Pop music surrounds us, but how often do we really listen to what we’re hearing? Switched on Pop is the podcast that pulls back the curtain on pop music. Each episode, join musicologist Nate Sloan and songwriter Charlie Harding as they reveal the secret formulas that make pop songs so infectious. By figuring out how pop hits work their magic, you’ll fall in love with songs you didn’t even know you liked.
It’s. been. a year. We’ve felt it, you’ve felt it. Sometimes it’s comforting to consider how universally-shared that overwhelming sense of blah is. Other days, woof - it can be tough to see the light.
That’s the subject of today’s episode, brought to you by our producer Megan Lubin. When Megan hit an especially low point earlier this year, she noticed something in the music she was listening to - uber popular artists making explicit references to the state of their mental health, and the things they do to cope with it. It made her want to know more about the impact of these song lyrics. So, she dug around, and found an academic who studies that very thing.
Alex Kresovich is a PhD candidate at the University of North Carolina Hussman School of Journalism and Media, and the author of numerous studies on the subject of mental health and popular music.
In today’s episode, we walk through one of those studies with him, and learn how influential lyrical content can be - even when you’re not paying super close attention to those lyrics, or the artist singing them. Alex’s study, and ones like it, open up the possibility that pop artists are an undervalued, underestimated asset when it comes to messaging on the subject of mental health. “People like to point at pop music as a source of problems, not a source of solutions,” he says. Alex sees his job as guiding the scientific community towards new data that could change how we understand the value of pop music lyrics - “laying the railroad ties” as he puts it.
In the second half of today’s episode, we talk to a beloved artist who’s taken the concept of music-as-medicine to a whole new level. Over the course of her career, Esperanza Spalding has re-imagined the music-making process - from one designed to meet her label’s commercial needs, to one designed to meet the mental health needs of her immediate community.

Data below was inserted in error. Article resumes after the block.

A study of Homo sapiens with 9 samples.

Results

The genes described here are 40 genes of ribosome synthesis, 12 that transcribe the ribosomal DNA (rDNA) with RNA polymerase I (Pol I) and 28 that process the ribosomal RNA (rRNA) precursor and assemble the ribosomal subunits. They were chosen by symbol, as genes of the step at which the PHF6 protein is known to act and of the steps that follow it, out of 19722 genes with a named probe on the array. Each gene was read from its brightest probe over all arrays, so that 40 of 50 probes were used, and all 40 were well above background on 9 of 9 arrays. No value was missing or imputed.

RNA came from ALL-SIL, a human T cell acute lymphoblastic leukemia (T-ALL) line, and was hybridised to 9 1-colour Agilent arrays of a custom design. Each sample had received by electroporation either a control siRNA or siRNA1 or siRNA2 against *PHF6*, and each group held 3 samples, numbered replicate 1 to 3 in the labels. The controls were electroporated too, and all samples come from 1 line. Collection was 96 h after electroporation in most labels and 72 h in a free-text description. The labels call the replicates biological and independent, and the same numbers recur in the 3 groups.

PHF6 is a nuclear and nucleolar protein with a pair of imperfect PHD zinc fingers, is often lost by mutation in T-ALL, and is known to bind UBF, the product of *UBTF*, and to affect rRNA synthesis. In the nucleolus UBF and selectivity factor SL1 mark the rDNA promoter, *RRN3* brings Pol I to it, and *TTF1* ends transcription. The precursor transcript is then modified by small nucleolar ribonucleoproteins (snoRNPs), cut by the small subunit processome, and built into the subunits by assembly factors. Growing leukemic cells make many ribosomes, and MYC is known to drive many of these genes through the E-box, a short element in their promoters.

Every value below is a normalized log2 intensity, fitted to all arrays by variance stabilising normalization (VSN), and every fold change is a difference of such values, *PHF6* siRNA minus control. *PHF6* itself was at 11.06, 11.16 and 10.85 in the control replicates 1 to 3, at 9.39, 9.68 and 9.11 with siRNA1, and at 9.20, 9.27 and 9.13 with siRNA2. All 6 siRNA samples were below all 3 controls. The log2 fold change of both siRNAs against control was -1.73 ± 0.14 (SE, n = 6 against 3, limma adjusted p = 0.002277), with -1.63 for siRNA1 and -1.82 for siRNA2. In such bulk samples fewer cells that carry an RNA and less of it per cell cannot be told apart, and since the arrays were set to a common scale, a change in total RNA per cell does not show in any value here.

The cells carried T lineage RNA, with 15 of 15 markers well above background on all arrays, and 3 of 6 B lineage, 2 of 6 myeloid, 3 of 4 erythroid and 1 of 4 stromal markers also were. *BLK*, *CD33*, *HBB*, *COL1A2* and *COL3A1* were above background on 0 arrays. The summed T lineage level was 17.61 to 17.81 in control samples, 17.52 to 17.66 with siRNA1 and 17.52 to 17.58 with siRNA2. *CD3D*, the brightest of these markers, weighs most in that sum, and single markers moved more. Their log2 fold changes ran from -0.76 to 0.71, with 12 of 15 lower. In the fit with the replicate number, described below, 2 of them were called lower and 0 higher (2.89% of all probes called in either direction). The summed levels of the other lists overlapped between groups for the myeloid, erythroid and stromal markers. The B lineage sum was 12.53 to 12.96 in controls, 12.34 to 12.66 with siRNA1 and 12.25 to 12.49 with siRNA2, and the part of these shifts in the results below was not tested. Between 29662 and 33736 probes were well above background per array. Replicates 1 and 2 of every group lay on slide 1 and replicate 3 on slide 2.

With her new album Songwrights Apothecary Lab, Spalding offers up a collection of antidotes to a wide variety of emotional woes. There are songs for “releasing the heaviness of a seemingly endless blue state,” for “steadying the vast-spinning ‘potential hurt’ analysis triggered by the bliss of new romance” and for “slowing down and remembering to make space/time for your elders.” “They’re little musical formulas,” says Spalding,”to prompt or initiate or invite a particular effect in the body or in the experience and the perception of the listener.”
Spalding made clear that this way of making “musicking” is nothing new - “It’s like the oldest thing ever….we're playing with the origin of music. The origin of music being: a response to others in your community, in your surroundings. And the response is intuitive! When you hum for a baby or when you're sitting with somebody who is grieving and you, you feel compelled to hum, or when you're excited and go, ‘wow!,’ that's music!” Spalding’s view of music these days opened our eyes wide to the true healing power of individual songs, and just how accessible music is when we need it.